Mandela's condition stable: S. African president

Former South African president Nelson Mandela is in a stable condition and responding well to treatment, President Jacob Zuma said on Thursday.

Zuma made the remarks after paying a visit to Mandela who has been hospitalized since March 27.

Zuma said he received a briefing from doctors which indicate continuous improvement in his condition. "Madiba is stable and we are thankful that he is responding well to treatment and that he is much better. We remain thankful for all the support to the family during this difficult time," Zuma said.

The president also met members of Mandela's family who expressed gratitude for the support from South Africans and people from all over the world, presidential spokesman Mac Maharaj said.

Mandela, 94, was re-admitted to an unidentified hospital due to the recurrence of his lung infection.

On March 9, Mandela was admitted to a hospital in Pretoria for a scheduled medical check-up to manage existing conditions in line with his age. He was discharged one day later.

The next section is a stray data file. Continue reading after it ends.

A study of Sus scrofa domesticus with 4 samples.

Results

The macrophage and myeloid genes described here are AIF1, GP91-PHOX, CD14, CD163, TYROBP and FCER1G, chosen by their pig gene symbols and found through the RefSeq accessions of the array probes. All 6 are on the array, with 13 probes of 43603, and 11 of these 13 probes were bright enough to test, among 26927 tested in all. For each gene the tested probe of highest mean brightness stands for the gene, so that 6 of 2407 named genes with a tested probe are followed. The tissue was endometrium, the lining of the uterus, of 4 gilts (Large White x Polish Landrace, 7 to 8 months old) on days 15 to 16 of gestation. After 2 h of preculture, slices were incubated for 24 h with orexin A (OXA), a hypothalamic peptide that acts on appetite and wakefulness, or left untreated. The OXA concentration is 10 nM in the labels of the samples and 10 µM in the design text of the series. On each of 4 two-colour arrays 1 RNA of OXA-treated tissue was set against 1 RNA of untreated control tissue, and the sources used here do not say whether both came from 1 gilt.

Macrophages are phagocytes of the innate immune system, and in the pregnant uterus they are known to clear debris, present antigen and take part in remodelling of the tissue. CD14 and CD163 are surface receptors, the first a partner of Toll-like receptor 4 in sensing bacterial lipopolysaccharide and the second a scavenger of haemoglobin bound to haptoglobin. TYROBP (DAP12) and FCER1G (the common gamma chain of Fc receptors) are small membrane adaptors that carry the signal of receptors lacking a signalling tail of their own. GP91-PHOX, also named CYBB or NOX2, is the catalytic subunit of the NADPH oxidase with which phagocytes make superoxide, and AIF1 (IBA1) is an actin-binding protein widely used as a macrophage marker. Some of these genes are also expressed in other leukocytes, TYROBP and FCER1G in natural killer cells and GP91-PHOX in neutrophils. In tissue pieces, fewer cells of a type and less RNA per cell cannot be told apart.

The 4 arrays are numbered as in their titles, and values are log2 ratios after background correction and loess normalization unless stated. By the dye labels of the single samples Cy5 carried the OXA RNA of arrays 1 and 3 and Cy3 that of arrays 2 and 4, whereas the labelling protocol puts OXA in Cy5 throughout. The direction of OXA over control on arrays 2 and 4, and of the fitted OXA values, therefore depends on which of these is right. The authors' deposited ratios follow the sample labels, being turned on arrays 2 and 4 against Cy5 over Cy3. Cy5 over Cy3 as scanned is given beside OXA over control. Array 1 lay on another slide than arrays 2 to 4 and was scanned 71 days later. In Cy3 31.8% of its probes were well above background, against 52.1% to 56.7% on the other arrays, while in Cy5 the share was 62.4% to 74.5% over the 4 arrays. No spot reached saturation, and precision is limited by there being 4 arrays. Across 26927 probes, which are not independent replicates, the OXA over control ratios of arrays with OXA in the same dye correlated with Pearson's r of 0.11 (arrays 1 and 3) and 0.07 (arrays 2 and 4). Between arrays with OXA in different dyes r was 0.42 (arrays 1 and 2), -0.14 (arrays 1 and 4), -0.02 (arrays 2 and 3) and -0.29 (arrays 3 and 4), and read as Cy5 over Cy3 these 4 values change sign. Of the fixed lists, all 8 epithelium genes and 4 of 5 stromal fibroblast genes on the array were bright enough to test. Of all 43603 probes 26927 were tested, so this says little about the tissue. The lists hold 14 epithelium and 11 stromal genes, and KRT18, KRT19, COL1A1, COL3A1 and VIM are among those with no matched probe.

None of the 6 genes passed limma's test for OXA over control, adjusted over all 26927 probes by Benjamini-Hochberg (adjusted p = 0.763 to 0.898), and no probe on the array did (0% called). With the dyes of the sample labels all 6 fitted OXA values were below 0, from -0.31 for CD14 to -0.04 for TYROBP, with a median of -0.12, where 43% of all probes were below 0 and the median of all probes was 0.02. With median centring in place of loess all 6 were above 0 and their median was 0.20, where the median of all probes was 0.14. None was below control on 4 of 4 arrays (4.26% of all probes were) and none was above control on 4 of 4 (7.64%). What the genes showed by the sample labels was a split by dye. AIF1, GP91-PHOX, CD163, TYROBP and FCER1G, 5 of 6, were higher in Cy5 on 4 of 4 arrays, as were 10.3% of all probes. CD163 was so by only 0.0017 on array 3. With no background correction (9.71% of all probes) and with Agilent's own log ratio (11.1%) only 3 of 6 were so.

Mandela served as South African president from 1994 to 1999. He had spent 27 years in prison before elected the first black president in the country after the end of apartheid.

His lung problem was the result of tuberculosis developed when he was in prison.

Mandela's failing health has been the focus of attention in recent years.

On Dec. 8, he was taken to a Pretoria hospital for a lung infection and gallstones. He stayed there for 18 days. This was Mandela's longest hospital stay since 2001, when he underwent seven weeks of radiotherapy after being diagnosed with prostate cancer.